3-4 YEARS OLD When your child’s misbehavior drives you nuts, these tips will help you keep your temper in check.
If you’re at the end of your tether over your preschooler’s “bad” behaviour, take a deep breath and read DR RICHARD C. WOOLFSON’s tips for managing your anger.
Your three-year-old’s misbehaviour can drive you nuts. When she’s going through one of those phases in which she is uncooperative, doesn’t do what she’s told, and gets up to mischief no matter how many times you warn her, you might struggle to keep your temper in check.
But screaming at her just makes matters worse. That’s usually like pouring petrol on ﬁre, because all that happens is tension mounts, disagreements escalate, and everyone feels even worse than they did before. It is far better to avoid such emotional explosions altogether, if you can.
The next time you feel yourself about to lose it, try one of these strategies to keep calm and parent on.
Remember, she is just a child
When you spend all day in the company of your preschooler, it’s easy to forget that she is just a little kid who wants to have fun, rather than a wilful terror who is deliberately trying to upset you. Keep things in perspective.
Lower your expectations
Children this age like to explore, experiment, and test the limits – that’s normal behaviour. So, don’t expect too much from her or you will set yourself up for disappointment. Even the best-behaved child gets up to mischief sometimes.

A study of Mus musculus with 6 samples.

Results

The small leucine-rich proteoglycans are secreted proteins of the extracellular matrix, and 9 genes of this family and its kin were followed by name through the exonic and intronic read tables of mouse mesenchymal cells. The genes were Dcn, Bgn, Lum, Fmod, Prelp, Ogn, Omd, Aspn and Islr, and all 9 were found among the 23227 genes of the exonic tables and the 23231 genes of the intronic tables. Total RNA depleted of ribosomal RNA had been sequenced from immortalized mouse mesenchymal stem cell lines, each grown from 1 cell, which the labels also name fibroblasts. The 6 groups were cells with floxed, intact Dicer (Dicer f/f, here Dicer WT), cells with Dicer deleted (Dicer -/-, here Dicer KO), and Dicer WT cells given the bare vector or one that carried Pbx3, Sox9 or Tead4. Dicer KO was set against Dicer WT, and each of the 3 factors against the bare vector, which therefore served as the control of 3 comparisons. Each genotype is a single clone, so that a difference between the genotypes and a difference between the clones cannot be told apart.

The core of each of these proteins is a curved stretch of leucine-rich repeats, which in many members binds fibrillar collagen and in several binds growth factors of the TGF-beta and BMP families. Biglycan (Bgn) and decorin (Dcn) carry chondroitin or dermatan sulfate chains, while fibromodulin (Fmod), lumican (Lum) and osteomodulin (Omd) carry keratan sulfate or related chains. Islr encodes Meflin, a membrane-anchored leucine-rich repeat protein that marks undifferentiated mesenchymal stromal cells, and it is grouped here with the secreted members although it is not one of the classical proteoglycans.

Think positive thoughts
When you are stressed by your child’s misbehaviour, it’s only natural that you start to think negatively about her. Instead, try to focus on her positive characteristics and remind yourself of the good times you have together.
One way to break the tension that’s building up is to turn her to another activity. So, instead of shouting at her for not doing what you ask, simply engage her in something else altogether. That strategy directs you both away from the source of conﬂict.
Explain your frustration
Rather than letting your negative feelings build up until you can contain them no longer, tell your child what you feel. Let her know: “The way you are behaving is making me upset, so I’d like you to do as I ask.”
Walk out of the room
Sometimes, walking away is the best way to control your temper. Go to another room and try to regain control over your emotions (but make sure that she is safe on her own). After ﬁve or 10 minutes, you are likely to feel calmer and ready to face her again.
Plan your strategy
Before your kid misbehaves, think about how you could manage her when she isn’t cooperative – for example, warning her, removing her from the source of annoyance or distracting her. This way, you know exactly what to do when she is mischievous.
Use positive language
You may be able to defuse a confrontation verbally by speaking positively to her – for example, “I am getting angry with you. I know you don’t want that to happen because you are such a kind child.”
Ask for support
There is nothing wrong with admitting that you are close to a meltdown and that you need help. If you are having a bad day with your child, and your spouse isn’t available, ask a friend or relative to come round to give you a break.
Children this age like to explore, experiment, and test the limits – that’s normal behaviour. So, don’t expect too much from her or you will set yourself up for disappointment.